Shaimkul and her husband are language teachers. She taught Russian and her husband taught Kyrgyz language. For their entire lives they worked in a secondary school in their village. But it was not easy to support a big family on a teacher’s salary, so the family kept livestock as well. In 1996 they opened the first village food-store. 

When their eldest daughters grew up and it was time to attend university, Shaimkul and her husband sold all their livestock to pay for education. But, meanwhile, the youngest children were growing up fast. When she retired from her job [to focus on livestock] and began receiving her pension, Shaimkul learned about Kompanion loans. Since 2004 she has been receiving loans from Kompanion.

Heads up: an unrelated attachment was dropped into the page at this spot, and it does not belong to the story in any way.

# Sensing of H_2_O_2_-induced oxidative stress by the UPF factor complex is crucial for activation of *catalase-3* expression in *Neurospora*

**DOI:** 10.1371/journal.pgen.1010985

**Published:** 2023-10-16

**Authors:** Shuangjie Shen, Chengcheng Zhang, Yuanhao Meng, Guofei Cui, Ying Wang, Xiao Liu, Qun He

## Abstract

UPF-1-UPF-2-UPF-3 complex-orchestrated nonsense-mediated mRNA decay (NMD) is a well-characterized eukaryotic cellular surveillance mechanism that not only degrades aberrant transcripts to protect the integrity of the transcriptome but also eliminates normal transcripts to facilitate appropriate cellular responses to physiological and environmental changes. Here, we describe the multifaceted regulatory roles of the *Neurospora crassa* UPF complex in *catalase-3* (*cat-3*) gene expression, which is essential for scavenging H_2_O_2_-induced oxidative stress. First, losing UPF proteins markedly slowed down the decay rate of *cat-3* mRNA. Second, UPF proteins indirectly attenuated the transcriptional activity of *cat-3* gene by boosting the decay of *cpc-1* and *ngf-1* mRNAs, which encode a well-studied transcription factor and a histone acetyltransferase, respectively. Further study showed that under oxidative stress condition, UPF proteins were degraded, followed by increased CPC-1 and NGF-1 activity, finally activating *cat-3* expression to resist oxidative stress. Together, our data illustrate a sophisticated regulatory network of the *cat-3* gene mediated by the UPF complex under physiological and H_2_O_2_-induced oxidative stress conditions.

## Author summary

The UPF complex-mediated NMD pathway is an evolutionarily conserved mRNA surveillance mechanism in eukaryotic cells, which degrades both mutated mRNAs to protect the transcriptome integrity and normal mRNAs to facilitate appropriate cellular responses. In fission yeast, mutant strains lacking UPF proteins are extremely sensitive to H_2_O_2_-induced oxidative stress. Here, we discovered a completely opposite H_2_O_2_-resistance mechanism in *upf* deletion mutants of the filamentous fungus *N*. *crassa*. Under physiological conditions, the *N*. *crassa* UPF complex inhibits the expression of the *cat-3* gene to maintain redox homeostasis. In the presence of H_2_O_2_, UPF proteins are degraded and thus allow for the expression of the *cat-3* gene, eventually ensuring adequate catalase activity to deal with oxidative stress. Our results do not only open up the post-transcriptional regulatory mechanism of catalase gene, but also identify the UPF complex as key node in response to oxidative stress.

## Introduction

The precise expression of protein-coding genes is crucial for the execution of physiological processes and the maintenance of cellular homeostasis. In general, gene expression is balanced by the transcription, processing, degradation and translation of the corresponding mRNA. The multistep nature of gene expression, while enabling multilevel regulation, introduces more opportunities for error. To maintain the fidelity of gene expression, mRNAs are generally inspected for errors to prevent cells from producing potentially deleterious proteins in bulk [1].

"The most important is to plan financial assets," she says. "We divide the loan money into two. One we use to increase commodity turnover and the second part we use to buy sheep, cows or horses. Cattle is a long-term investment, so we have insurance in case of any unexpected events. 
Such a well-thought-out approach allowed Shaimkul to pay for all her daughters’ higher education. And now she has five horses, four cows and 40 sheep which provide extra income.
"Microloans gave us chance not to make ends meet living on a pension but increase our welfare significantly. Now we plan to build a shop and billiard room on a land which we bought recently. Many people in our village are taking loans and many have improved their living conditions. Almost every family has a car and livestock. And we want our fellow villagers to have the opportunity to spend time after working day actively like we do. And our son will have a good job, he is about to finish school," Shaimkul told us in conclusion.